Our approach to newsworthy content

UPDATED

JUL 29, 2021

We want people to be able to talk openly about the issues that matter to them, even if some may disagree or find them objectionable. In rare cases, we allow content on Facebook or Instagram if it’s newsworthy and if keeping it visible is in the public interest, even if the content violates the Facebook Community Standards or Instagram Community Guidelines.

We do this only after conducting a balancing test that weighs the public interest against the risk of harm. We look to international human rights standards, as reflected in our Corporate Human Rights Policy, to help make these judgments.

Our newsworthiness allowance

We introduced our newsworthiness allowance in October 2016 after receiving global criticism for removing the iconic “Napalm Girl” photo. We’ve found that determining the newsworthiness of a piece of content can be highly subjective. People often disagree about what standards should be in place to ensure a community is both safe and open to expression.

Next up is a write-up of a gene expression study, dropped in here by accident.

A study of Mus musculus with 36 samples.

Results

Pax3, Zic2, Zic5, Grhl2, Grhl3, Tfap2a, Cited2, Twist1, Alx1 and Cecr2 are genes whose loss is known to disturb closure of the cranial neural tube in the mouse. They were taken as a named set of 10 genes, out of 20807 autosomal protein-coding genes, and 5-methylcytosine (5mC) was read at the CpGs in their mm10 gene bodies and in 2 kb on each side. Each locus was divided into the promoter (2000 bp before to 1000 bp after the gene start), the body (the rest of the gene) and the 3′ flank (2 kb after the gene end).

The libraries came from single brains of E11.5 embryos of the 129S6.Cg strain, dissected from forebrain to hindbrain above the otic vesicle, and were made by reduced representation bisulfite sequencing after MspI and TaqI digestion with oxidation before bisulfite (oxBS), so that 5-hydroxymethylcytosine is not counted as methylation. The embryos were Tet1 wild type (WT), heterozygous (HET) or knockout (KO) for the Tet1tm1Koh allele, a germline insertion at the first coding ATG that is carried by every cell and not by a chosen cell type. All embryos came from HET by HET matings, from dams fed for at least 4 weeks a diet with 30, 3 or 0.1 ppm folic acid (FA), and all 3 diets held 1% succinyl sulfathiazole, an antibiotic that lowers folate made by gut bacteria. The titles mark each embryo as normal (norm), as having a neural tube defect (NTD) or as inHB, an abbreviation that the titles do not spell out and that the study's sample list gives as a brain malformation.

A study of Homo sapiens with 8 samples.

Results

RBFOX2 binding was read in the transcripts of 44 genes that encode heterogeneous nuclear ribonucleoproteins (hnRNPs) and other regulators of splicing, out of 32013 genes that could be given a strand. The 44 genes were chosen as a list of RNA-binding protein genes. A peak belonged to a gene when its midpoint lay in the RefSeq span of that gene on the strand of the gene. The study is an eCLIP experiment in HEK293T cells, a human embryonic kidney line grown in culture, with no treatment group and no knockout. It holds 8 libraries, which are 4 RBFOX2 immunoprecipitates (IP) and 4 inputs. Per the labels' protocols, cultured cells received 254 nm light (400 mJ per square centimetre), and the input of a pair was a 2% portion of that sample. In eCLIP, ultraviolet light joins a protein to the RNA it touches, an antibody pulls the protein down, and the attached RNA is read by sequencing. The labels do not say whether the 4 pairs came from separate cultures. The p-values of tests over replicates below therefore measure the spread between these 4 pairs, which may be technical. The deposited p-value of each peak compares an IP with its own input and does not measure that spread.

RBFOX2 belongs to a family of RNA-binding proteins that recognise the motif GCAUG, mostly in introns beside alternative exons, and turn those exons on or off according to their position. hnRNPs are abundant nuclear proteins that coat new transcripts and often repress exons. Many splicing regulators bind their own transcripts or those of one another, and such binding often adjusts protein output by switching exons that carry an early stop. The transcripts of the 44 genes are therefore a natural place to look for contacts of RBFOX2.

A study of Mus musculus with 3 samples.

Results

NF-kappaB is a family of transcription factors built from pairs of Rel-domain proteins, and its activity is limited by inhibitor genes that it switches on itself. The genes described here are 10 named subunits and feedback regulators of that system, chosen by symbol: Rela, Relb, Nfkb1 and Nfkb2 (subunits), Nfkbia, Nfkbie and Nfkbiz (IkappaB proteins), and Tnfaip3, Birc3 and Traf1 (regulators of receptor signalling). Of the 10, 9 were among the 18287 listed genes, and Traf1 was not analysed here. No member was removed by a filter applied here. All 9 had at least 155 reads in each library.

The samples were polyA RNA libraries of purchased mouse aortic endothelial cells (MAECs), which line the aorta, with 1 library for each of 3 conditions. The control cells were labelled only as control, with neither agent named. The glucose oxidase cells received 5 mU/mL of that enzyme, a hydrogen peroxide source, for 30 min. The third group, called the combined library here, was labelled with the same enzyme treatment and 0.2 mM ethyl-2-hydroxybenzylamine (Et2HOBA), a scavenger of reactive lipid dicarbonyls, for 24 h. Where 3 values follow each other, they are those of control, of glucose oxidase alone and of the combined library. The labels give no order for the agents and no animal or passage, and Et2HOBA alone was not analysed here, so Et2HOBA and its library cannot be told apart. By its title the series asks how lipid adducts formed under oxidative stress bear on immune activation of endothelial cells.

When making a newsworthy determination, we assign special value to content that surfaces imminent threats to public health or safety or that gives voice to perspectives currently being debated as part of a political process. We also consider other factors, such as:

  • Country-specific circumstances (for example, whether there is an election underway, or the country is at war).

  • The nature of the speech, including whether it relates to governance or politics.

  • The political structure of the country, including whether it has a free press.

We remove content, even if it has some degree of newsworthiness, when leaving it up presents a risk of harm, such as physical, emotional and financial harm, or a direct threat to public safety.

Content from all sources, including news outlets, politicians, or other people, is eligible for a newsworthy allowance. While the speaker may factor into the balancing test, we do not presume that any person’s speech is inherently newsworthy, including by politicians.